Fr. Kevin Nadolski | Tuesday, October 8, 2013

Next Wednesday, Oct. 16, is World Food Day. Few know about it, and even fewer will probably mark it. Yet, this opportunity to raise awareness about and work to end the injustices around food, nutrition and hunger beckons us to act, especially as Catholics.
Pictures and statistics can stir and sicken us when we see starving children or read the numbers of hungry children and pregnant women in our country and beyond. I share just four facts that could move us to sadness, anger or deep compassion – maybe all three and more – with a growl that could match a hungry stomach:
$165 billion worth of food is thrown out in the US every year, or about 40 percent of our nation’s food supply. All of this uneaten food could feed 25 million Americans (source: Reuters, 2013).
Hunger is number one on the list of the world’s top-10 health risks. It kills more people every year than AIDS, malaria and tuberculosis combined (source: UNAIDS, 2010; WHO, 2011).
It costs just 25 cents per day to provide a child with all of the vitamins and nutrients he or she needs to grow up healthy (source: WFP, 2011).
Every day, almost 16,000 children die from hunger-related causes (source: Bread for the World, 2013).
Begun by the United Nations in 1979, World Food Day seeks to coordinate efforts to end hunger and food-related crises throughout the world, which has obesity in some countries and starvation in others. If the world could be designed to be a table of five, one person would be overeating and obese, two others would be starving to death and the remaining two would be getting just enough. With no disrespect to those who struggle seriously with the medical condition, the human family has an eating disorder!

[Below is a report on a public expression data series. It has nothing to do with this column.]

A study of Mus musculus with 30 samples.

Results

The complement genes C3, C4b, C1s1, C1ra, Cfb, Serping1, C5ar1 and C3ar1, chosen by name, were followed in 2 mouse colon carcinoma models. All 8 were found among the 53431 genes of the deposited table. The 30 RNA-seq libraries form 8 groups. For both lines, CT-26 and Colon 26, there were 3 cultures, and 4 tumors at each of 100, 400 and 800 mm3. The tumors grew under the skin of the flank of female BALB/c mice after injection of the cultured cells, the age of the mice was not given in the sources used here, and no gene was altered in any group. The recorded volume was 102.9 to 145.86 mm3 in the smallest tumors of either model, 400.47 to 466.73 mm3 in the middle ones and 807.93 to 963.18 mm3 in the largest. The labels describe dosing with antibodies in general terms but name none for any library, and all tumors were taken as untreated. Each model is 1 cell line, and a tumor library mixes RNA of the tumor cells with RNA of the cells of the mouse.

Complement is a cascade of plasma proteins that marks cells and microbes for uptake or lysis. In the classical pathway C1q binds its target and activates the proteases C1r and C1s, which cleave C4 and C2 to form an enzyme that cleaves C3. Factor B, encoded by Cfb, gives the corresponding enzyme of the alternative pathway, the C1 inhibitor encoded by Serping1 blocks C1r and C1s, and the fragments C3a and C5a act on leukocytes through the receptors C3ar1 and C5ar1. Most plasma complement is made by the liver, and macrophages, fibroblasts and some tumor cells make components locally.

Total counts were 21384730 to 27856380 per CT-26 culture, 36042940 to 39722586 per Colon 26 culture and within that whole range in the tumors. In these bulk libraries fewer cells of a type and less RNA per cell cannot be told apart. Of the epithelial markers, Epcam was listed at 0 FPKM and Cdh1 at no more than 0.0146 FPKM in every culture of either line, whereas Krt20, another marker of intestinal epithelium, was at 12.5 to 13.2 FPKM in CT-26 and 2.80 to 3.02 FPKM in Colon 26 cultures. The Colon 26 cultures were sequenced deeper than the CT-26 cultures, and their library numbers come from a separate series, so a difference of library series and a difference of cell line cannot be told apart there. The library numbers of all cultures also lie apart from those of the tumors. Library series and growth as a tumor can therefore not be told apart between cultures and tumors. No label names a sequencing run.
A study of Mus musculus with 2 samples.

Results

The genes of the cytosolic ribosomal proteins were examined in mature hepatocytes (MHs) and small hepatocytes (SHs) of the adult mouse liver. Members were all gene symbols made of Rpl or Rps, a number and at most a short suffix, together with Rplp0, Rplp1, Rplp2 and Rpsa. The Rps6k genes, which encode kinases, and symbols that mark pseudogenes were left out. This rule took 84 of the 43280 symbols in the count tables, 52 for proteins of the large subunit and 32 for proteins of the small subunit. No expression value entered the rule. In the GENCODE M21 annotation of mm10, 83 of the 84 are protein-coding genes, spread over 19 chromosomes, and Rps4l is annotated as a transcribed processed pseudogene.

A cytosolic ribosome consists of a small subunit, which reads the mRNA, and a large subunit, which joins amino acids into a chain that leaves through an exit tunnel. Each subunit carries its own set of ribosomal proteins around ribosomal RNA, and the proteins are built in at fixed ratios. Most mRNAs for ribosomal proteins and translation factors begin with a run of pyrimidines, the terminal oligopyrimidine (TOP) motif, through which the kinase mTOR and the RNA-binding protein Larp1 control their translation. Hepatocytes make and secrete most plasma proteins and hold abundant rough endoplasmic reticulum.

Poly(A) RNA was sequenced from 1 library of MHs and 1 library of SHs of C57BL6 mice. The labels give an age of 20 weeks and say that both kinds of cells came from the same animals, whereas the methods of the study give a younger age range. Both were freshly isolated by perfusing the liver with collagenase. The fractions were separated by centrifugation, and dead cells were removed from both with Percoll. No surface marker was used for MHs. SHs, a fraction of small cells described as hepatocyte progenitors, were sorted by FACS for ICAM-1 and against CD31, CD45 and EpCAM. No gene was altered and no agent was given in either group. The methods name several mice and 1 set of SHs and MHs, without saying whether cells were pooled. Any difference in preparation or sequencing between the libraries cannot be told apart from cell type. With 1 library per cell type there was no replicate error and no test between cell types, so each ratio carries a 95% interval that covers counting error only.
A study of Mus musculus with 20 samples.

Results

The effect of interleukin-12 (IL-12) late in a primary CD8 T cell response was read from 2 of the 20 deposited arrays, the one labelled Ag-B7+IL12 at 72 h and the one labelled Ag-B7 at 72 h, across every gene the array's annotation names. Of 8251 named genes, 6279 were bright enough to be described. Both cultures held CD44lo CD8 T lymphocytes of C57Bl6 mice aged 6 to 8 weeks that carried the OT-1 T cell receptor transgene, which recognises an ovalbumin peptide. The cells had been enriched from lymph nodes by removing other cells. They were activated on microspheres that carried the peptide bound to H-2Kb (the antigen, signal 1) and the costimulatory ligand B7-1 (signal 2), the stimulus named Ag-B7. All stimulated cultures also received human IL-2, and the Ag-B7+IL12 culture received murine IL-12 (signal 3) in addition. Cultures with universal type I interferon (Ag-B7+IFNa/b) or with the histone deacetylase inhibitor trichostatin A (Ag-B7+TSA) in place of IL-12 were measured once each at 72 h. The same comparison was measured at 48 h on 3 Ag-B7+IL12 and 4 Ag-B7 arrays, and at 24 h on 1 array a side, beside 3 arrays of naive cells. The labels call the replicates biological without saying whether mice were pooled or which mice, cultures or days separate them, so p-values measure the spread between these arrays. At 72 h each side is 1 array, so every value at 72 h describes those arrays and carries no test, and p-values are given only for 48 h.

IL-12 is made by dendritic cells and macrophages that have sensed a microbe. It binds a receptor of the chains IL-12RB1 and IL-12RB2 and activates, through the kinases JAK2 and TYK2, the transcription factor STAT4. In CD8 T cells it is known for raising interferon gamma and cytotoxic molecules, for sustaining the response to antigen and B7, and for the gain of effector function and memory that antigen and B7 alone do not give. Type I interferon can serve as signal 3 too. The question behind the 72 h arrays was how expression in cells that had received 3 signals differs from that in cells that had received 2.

Having worked as a vocation director for seven years, I would travel to college campuses to present at discussions on religious life and the priesthood. I remember meeting a young man who was not interested in a religious vocation, as he attended with his friend who was. The casual observer came up to me and remarked, “Father, I’m not even Catholic, but you guys talk too much about sex and not about the poor.” I responded defensively, “I didn’t mention anything about sex.” He agreed and said, “But that’s what you Catholics are known for.”  
I hoped he was wrong, but that comment has stayed with me through the years. If we Catholics are known for anything, wouldn’t it be most appropriate that we are renown throughout the world for feeding? With our central sacrament as the Eucharist and with our tradition’s great reverence for the care of the Body and Blood of Christ, eating and feeding are not just meant for church worship. They are identifying behaviors we present to the world.
From feeding the poor around the globe and in our neighborhoods and welcoming those on the margins who hunger for acceptance, to lobbying national leaders and mobilizing support in the international community to end hunger, these matters must rise as our top priority. Additionally, the violence of these food-related issues slaps the peace we as Christians are called to cultivate.
As we listen to Pope Francis, I am reminded of that young man I met years ago: “We cannot insist only on issues related to abortion, gay marriage and the use of contraceptive methods. This is not possible. I have not spoken much about these things,” the Pope said. But, the pope has spoken both volubly and vehemently on serving the poor.
Perhaps a first step is to feed them – or, at least, to waste less food.

Fr. Kevin Nadolski, a priest with the Oblates of St. Francis de Sales, works for his community as director of
development and communications. He has served the church as a Catholic high school teacher, campus minister and
principal, as well as vocation and
formation director for the Oblates. He lives with his community in Wilmington, Del., and can be reached at knadolski@oblates.org
The views expressed in this
column are those of the author and not necessarily those of The Observer.